Thursday, December 20, 2012

School alternatives to suspension.

New state law as of Jan.1, schools must seek alternatives to suspension.  One alternative is called Restorative Justice.
Teachers, administrators, FYI

What Does AB 1729 Do And How Does It Help Students?

1.     Sets out the legislature’s intent that alternatives to suspension and expulsion should be used and school exclusion should be avoided and recognizes that vulnerable student groups are receiving the brunt of all discipline removals in California!  This is important because it tells school districts who are using harsh and punitive out-of-school discipline and giving more punishments to students of color and others that state law does not support this and that they need to change their practices.  Here are a few things that the legislature said:
  “The overuse of school suspension and expulsion undermines the public policy of this state and does not result in safer school environments or improved pupil behavior.”
  “School suspension and expulsion are disproportionately imposed on pupils of color, pupils with disabilities, lesbian, gay, bisexual, and transgender pupils, and other vulnerable pupil populations.”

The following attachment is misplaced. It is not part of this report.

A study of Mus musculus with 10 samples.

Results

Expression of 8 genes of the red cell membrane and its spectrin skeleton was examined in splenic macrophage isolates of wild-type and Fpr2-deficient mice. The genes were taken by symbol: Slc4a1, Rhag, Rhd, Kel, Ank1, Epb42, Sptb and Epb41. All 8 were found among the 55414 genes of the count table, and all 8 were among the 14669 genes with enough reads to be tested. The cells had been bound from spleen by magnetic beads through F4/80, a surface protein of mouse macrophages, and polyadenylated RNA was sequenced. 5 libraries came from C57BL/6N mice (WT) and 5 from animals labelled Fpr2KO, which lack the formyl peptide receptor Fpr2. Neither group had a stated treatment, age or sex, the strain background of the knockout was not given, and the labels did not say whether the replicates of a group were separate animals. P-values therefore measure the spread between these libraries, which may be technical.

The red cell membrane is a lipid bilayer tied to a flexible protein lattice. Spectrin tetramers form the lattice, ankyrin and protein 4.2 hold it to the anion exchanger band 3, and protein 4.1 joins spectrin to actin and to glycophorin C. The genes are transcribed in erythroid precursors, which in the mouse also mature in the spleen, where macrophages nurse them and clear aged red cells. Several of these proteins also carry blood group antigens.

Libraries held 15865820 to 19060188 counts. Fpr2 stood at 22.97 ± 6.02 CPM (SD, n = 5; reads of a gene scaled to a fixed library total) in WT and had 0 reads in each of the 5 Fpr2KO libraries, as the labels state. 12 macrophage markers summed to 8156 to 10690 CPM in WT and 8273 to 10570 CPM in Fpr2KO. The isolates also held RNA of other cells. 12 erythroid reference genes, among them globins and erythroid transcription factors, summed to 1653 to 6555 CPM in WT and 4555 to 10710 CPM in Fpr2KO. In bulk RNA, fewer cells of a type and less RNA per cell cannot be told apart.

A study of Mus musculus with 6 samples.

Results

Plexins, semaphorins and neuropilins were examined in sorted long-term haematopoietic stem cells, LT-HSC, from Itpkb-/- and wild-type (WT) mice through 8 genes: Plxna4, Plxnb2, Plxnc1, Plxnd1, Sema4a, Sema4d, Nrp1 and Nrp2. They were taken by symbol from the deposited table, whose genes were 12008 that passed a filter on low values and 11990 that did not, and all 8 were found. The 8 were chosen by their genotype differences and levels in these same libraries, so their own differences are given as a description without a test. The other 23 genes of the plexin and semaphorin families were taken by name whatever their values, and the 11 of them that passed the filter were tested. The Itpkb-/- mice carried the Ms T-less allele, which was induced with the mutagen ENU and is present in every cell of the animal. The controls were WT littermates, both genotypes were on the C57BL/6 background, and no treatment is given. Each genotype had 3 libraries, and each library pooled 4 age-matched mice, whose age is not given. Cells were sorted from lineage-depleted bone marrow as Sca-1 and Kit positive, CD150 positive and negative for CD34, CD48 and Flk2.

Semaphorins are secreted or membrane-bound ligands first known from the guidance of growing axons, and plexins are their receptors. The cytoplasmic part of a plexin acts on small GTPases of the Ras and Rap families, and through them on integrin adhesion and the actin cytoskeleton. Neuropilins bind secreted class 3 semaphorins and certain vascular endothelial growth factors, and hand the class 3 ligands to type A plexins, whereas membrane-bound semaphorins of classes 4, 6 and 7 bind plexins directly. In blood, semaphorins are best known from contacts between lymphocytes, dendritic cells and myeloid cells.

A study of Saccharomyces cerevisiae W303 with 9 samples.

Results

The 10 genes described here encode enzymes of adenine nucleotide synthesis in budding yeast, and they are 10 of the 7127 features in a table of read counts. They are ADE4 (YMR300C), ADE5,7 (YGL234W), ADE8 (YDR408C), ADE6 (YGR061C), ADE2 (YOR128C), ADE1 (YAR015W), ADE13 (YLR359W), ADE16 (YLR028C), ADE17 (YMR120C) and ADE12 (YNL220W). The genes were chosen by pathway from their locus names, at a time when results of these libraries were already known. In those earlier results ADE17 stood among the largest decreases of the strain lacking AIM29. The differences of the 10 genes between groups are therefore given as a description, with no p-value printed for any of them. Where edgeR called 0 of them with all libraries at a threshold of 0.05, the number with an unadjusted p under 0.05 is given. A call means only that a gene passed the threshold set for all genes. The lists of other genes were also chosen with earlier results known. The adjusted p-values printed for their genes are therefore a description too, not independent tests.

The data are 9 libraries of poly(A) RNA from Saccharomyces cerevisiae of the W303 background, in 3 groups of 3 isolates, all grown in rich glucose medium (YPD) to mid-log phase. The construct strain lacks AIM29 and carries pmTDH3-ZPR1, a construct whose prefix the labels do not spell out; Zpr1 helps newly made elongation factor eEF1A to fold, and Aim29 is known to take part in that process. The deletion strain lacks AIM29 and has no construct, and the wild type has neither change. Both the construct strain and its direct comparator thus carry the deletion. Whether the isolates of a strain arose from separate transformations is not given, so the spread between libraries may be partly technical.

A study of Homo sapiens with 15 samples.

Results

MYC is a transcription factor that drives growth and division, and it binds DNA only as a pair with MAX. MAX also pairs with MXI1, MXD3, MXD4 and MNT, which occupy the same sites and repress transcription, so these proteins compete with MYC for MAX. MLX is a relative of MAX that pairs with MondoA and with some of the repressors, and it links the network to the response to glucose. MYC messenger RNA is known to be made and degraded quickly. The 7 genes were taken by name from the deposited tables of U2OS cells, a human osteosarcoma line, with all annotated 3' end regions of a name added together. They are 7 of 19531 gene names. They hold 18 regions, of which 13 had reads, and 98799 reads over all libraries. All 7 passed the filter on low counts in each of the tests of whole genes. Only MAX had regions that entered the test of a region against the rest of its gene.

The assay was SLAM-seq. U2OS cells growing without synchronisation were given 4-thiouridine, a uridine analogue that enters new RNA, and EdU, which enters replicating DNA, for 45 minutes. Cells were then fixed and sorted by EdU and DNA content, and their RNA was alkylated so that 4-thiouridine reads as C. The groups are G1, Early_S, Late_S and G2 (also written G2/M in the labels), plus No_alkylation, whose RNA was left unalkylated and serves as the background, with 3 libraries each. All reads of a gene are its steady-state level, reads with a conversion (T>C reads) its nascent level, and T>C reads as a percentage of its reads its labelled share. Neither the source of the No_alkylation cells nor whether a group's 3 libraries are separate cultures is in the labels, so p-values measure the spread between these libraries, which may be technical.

“Research has found that nonpunitive classroom discipline . . . are more effective and efficient than suspension and expulsion for addressing the majority of pupil misconduct.”
  “The public policy of this state is to provide effective interventions for pupils . . .  avoid exclusion from school.”

2.     Requires other means of correction be used and FAIL prior to “in-school suspension” in addition to “out-of-school suspension”.  This is important because we want to be sure that schools are working to teach students how to correct their behavior and re-integrate into the school community before they lose valuable instruction time.